12:00 PM PST on December 8, 2022

    casa vega

    Photo via Eric Huang/Flickr.

    I posted this on Twitter last week. Everyone has a favorite place like this. I have two: Casa Vega, where the cuisine is what a recent transplant from Iowa sixty years ago might think Mexican food is supposed to be, and Edendale, which always has only one good thing on the menu, but the minute too many people figure out what that dish is, they eighty-six it. It's as if the management wants their dining room to be empty all the time—which, if true, would be a decision I support because the Edendale vibe is well-served by its never being crowded.

    Casa Vega and Edendale have another thing in common: Old Hollywood. There's a booth in Casa Vega where a brass plaque commemorates a scene from Once Upon A Time In Hollywood that was filmed at the booth authentically. (I sat in that booth recently and drank a margarita like I had a three-picture deal at Paramount, while stomaching an enchilada with sour cream on it.) The walls of Edendale are lined with stills from Tom Mix cowboy movies, shot at the silent era movie studio on whose ruins Edendale now sits. 

    Turns out, if a restaurant has Old Hollywood vibes, I don't care what they serve.

    People who responded to my tweet felt similarly about other old-timey Los Angeles restaurants. Smoke House, in Burbank; the great vibe, bad food. Micelli's, in Hollywood, where Sinatra once ate, but probably wouldn't today. One friend named Canter's, which shocked me at first, but then I had to acknowledge that, yes, Canter's is no Langer's. But I had lunch with my dad there the day I was bar mitzvahed, so it will live forever in my heart. Canter's not only has a vibe, but it also has a sub-vibe, by virtue of its association with Haim and Guns N' Roses. The Rainbow, which another friend posted, is also haunted by hair metal, palpably, and reinforced by the patrons who still dress like Mötley Crüe groupies from 1988, while the entrees there are best described as "edible."

    The fare at these restaurants? Meh. The vibe of these old places? Your youth.

    Yamashiro came up in the replies—a perfect example. Yamashiro is a 22-year-old's idea of a good date spot for sushi. You might make out there, in front of that romantic view, but you will not feel the same love for your hamachi nigiri. El Coyote was also a popular response. You might take someone home from there, too, but you won't take your leftovers to go. A number of Silver Lake lifers offered up Casita del Campo, which was the ironic hipster spot when they moved to the neighborhood during its first wave of gentrification. I'm pretty sure you won't find that cantina listed in their Postmates history. The fare at these restaurants? Meh. The vibe of these old places? Your youth.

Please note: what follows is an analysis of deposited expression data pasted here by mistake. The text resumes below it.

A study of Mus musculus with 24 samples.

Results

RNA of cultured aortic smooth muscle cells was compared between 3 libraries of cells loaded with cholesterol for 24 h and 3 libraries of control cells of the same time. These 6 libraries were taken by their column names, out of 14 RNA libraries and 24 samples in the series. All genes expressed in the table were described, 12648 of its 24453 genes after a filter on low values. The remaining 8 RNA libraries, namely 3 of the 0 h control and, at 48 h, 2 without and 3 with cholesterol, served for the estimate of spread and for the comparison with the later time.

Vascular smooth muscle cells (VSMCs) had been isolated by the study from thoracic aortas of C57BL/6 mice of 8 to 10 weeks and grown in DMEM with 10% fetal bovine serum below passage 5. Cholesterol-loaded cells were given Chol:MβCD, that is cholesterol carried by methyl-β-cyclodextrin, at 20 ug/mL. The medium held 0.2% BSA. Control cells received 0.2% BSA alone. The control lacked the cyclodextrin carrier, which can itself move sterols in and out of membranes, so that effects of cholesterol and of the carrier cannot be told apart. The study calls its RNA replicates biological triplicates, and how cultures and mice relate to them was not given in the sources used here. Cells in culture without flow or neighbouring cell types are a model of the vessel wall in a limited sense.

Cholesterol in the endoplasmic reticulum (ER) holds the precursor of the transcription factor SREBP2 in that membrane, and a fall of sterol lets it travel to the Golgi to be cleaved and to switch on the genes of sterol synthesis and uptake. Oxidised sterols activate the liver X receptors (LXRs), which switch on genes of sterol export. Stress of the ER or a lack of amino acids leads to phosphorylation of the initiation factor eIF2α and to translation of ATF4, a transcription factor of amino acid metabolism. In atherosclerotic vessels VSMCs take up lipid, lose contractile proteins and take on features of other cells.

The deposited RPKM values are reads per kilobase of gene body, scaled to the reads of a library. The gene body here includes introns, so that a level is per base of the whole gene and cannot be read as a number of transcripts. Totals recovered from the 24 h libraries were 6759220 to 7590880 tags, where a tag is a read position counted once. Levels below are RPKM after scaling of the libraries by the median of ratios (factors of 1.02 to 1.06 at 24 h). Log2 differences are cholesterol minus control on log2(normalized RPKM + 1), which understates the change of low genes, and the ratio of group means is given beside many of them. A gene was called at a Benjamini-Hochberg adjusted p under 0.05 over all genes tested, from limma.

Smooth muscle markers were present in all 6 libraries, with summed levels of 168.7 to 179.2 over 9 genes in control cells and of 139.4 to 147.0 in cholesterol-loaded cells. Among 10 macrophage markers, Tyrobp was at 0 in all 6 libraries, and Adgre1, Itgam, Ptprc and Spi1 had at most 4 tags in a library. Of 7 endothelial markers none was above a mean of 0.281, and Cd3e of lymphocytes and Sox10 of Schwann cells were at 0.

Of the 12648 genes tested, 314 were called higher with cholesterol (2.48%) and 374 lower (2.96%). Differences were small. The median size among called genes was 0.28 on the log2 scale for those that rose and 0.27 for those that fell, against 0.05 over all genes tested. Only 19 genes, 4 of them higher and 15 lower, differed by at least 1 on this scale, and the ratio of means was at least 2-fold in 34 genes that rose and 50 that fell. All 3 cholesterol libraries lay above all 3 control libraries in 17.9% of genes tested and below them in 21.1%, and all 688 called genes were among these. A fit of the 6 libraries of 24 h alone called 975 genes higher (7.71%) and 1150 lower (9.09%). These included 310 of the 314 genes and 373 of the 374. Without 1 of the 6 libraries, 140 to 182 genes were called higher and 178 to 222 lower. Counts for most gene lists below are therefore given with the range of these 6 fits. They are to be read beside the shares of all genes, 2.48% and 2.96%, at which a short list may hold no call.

A few people said Musso's, Dan Tana's, Little Dom's, or Rao's. I suspect these people are either New Yorkers (who "know Italian"), or they got their tastebuds ripped out by COVID. These places have both perfect vibes and great food. If you responded to my tweet with one of the above, please turn in your Los Angeles card. The relatively new spots (the first of which is now permanently closed) Sawyer and Bacari came up a few times, which I think says something about the sorry state of fourth-wave gentrification now washing over Silver Lake (new-generation hipster spots pale in comparison to the last generation). One person said Manuela, which is simply incorrect. Next time, order the biscuits.

    By far, however, most of the replies named old restaurants that have somehow lasted longer than the quality of their food suggests they deserve. Neptune's Net, Old Tony's, Philippe’s, Damon's Steak House, Bob's Big Boy, Formosa, The Galley, The Pantry, The Tam O'Shanterthese all found their way into the thread. A few people even named old restaurants that went under years ago. A lot of RIPs for Casa Escobar, Pacific Dining Car, Conrad's, and Ed Debevic's. One guy even mentioned Gorky's, which closed in 1993 and where my parents used to take me during Ronald Reagan's first term. I appreciated that one because I remember seven-year-old me never liked what I ordered.

    Angelenos, it seems, have a soft spot for heritage.

    That doesn't make us different from any other people, obviously. But maybe because we're so starved for it, compared to the residents of older cities far away from here, that when any establishment can survive in an environment as inhospitable to tradition as Los Angeles, we overlook our other interests in favor of keeping that experience alive. Die-hard foodies adore these restaurants despite their most devoted epicurean tendencies.

    It can warp your politics, too. People who care deeply about the housing crisis went full NIMBY when the wrecking ball came for Taix. I am, hypocritically, one of them. I will support any candidate for the local office who promises to upzone this City for density, but if a developer ever points a bulldozer at Casa Vega I will chain myself to the valet station. It's important to me, for some barely comprehensible reason, that my grandkids one day get to enjoy a truly forgettable "Mexican Pizza" (with olives!) among the ghosts of Tinseltown past.